This functionality is currently only supported in Map Viewer Classic (formerly known as Map Viewer).

Overlay Layers The Overlay Layers tool combines two layers into a single layer using one of five methods: Intersect, Erase, Union, Identity, or Symmetric Difference.

Workflow diagram

Overlay Layers workflow diagram

Analysis using GeoAnalytics Tools

Analysis using GeoAnalytics Tools is run using distributed processing across multiple ArcGIS GeoAnalytics Server machines and cores. GeoAnalytics Tools and standard feature analysis tools in ArcGIS Enterprise have different parameters and capabilities. To learn more about these differences, see Feature analysis tool differences.


The following are example uses of the tool:

  • The department of environmental quality wants to monitor the impact of livestock grazing on the state's water quality. Biologists with the department need to determine where the land deemed to be grazing allotments intersects with certain watersheds. Overlay Layers can be used to find intersecting areas.

  • A development company wants to build a new golf resort in one of three centrally located counties in their state. Before they can begin planning, they need to determine whether there is enough privately owned land within those counties available to purchase for the resort. Overlay Layers can be used to remove the publicly owned lands from the selected counties.

Usage notes

Sliver features may be excluded based on the tolerance of the processing spatial reference.

The Overlay Layers tool requires two inputs: an input layer and an overlay layer. The supported overlay methods and input geometries are described in the following tables:

Input and overlay geometry typesIntersectEraseUnionIdentitySymmetric difference

Point and point


Point and polyline


Point and polygon


Polyline and point


Polyline and polyline


Polyline and polygon


Polygon and point


Polygon and polyline


Polygon and polygon


Overlay methodDescription



The features or portions of features in the overlay that overlap with the input features are kept. The input and feature geometry must be the same.

This is the default method.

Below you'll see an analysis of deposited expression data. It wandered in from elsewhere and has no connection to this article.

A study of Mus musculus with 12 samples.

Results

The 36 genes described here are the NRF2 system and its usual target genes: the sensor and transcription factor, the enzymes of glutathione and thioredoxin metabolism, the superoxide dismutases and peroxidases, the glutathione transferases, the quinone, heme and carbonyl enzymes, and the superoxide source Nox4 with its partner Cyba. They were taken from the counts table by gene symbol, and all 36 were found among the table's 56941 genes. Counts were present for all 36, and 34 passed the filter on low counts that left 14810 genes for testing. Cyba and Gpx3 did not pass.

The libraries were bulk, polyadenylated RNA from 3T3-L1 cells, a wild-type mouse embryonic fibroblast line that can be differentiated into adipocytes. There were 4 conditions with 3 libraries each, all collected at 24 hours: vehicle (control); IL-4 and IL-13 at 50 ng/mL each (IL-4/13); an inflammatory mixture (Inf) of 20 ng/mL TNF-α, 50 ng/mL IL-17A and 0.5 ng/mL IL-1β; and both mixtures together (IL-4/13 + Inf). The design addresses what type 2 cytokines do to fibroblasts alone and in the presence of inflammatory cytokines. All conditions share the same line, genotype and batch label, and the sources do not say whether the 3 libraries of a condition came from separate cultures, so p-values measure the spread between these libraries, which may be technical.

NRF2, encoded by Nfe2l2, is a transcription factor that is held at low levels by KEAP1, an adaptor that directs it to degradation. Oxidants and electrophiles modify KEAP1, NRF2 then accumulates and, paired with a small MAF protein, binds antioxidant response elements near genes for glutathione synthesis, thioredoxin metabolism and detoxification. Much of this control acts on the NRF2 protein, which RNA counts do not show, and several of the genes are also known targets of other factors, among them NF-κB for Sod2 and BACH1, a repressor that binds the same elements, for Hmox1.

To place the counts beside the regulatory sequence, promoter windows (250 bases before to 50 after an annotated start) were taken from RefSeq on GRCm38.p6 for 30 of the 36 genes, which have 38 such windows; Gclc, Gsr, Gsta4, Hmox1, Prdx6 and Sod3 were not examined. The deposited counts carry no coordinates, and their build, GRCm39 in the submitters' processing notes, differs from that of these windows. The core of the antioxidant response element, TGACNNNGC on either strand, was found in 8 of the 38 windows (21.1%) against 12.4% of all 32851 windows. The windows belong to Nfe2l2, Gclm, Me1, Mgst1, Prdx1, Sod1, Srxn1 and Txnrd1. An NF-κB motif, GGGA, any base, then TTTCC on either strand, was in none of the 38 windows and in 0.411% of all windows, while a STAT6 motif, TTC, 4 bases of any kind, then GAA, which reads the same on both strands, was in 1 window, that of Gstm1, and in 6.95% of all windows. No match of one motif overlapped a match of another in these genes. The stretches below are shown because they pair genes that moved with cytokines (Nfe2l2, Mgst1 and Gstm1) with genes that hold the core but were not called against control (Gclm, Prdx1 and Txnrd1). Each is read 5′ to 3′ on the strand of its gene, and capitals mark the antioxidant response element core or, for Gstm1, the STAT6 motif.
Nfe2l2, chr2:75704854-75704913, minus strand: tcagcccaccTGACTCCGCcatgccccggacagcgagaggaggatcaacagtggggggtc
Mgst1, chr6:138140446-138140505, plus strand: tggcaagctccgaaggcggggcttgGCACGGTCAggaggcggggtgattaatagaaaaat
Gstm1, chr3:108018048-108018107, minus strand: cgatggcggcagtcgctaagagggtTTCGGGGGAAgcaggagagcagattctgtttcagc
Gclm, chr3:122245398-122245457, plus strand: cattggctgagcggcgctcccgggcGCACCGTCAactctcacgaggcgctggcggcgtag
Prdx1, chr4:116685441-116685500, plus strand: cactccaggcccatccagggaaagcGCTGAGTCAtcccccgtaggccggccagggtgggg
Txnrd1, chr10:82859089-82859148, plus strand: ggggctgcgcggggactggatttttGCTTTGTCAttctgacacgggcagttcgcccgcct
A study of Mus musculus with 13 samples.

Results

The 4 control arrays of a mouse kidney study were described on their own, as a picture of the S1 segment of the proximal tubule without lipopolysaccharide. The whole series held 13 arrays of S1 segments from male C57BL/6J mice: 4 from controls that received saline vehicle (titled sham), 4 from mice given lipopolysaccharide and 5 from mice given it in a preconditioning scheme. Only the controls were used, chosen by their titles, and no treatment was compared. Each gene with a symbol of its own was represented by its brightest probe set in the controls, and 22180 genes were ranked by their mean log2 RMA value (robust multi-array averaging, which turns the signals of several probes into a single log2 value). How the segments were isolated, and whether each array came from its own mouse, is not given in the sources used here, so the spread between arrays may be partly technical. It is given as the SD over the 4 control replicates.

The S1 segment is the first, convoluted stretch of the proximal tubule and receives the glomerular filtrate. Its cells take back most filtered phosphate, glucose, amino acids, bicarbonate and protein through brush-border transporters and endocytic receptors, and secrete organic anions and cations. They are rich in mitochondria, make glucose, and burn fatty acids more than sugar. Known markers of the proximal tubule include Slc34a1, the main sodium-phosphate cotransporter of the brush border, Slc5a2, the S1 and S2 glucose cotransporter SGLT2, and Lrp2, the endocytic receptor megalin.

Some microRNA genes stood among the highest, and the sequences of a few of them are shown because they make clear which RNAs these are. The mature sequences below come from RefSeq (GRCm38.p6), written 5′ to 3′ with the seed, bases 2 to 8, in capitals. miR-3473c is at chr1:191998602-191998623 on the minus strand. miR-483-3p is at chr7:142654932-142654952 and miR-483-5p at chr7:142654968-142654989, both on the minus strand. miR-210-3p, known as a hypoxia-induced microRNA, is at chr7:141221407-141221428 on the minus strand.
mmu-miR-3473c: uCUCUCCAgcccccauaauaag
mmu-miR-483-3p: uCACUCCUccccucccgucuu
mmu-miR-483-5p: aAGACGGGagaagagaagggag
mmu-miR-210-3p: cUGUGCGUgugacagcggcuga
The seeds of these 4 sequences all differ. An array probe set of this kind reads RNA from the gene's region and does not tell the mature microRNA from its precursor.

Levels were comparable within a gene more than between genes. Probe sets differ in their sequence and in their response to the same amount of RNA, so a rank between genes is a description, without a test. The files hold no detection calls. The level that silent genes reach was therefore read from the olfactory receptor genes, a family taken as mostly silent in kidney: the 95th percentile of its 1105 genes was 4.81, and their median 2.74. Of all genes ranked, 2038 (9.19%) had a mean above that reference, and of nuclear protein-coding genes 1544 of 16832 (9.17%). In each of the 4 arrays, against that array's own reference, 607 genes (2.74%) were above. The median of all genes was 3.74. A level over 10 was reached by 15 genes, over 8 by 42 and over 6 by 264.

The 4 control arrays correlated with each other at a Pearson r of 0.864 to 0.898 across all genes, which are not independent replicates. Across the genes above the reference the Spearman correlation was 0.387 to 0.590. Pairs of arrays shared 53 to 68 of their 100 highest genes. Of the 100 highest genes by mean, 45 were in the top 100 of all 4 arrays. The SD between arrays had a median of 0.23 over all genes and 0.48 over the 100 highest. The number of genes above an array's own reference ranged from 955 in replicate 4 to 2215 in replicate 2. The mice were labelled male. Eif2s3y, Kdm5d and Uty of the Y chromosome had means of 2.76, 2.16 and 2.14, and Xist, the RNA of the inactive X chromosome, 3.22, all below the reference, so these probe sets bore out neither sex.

The features or portions of features in the input layer that do not overlap the features in the overlay layer are written to the output.



The result will contain a geometric union of the input layer and overlay layer. All features and their attributes will be written to the layer.



The result will contain features or portions of the input features and overlay features. Features or portions of features that overlap in both the input layer and overlay layer will be written to the output layer.

Symmetric Difference

Symmetric Difference

The result will contain features or portions of features of the input layer and the overlay layer that do not overlap.

If Use current map extent is checked, only the features in the input and overlay layer that are visible within the current map extent will be overlaid. If unchecked, all features in both the input layer and the overlay layer will be overlaid, even if they are outside the current map extent.

ArcGIS API for Python example

The Overlay Layers tool is available through ArcGIS API for Python.

This example finds the intersecting areas between watersheds and grazing land in Missouri.

# Import the required ArcGIS API for Python modules
import arcgis
from arcgis.gis import GIS
from arcgis.geoanalytics import manage_data

# Connect to your ArcGIS Enterprise portal and confirm that GeoAnalytics is supported
portal = GIS("", "gis_publisher", "my_password")
if not portal.geoanalytics.is_supported():
    print("Quitting, GeoAnalytics is not supported")

# Find the big data file share dataset you'll use for analysis
search_result ="", "Big Data File Share")

# Look through the search results for a big data file share with the matching name
bdfs_search = next(x for x in search_result if x.title == "bigDataFileShares_LandUse")

# Look through the big data file share for grazing land
grazing_land = next(x for x in bdfs_search.layers if == "GrazingLand")

# Find a feature layer named "Watersheds" in your ArcGIS Enterprise portal and apply a filter
watersheds_search_result ="Watersheds", "Feature Layer")
watersheds_layer = watersheds_search_result[0].layers[0]
watersheds_layer.filter = "region = 'Missouri'"

# Set the tool environment settings
arcgis.env.verbose = True
arcgis.env.defaultAggregations = True

# Run the Overlay Layers tool
overlay_result = manage_data.overlay_data(input_layer = grazing_land, 
                                          overlay_layer = watersheds_layer, 
                                          overlay_type = "Intersect", 
                                          output_name = "Watershed_intersections")

# Visualize the tool results if you are running Python in a Jupyter Notebook
processed_map ='Missouri', 6)

Similar tools

Use Overlay Layers to combine two layers into a single layer using the Intersect, Erase, Union, Identity, or Symmetric Distance method. Other tools may be useful in solving similar but slightly different problems.

Map Viewer Classic analysis tools

If you want to overlay layers using the union relationship, use the standard analysis tool Overlay Layers.

If you are combining features of the same type into a single feature layer regardless of the spatial relationship, use the standard tool Merge Layers or GeoAnalytics Tools Merge Layers.

ArcGIS Pro analysis tools

Overlay Layers performs the function of the Intersect, and Erase, Union, Identity, and Symmetric Difference tools.

To run this tool from ArcGIS Pro, your active portal must be Enterprise 10.6.1 or later. You must sign in using an account that has privileges to perform GeoAnalytics Feature Analysis.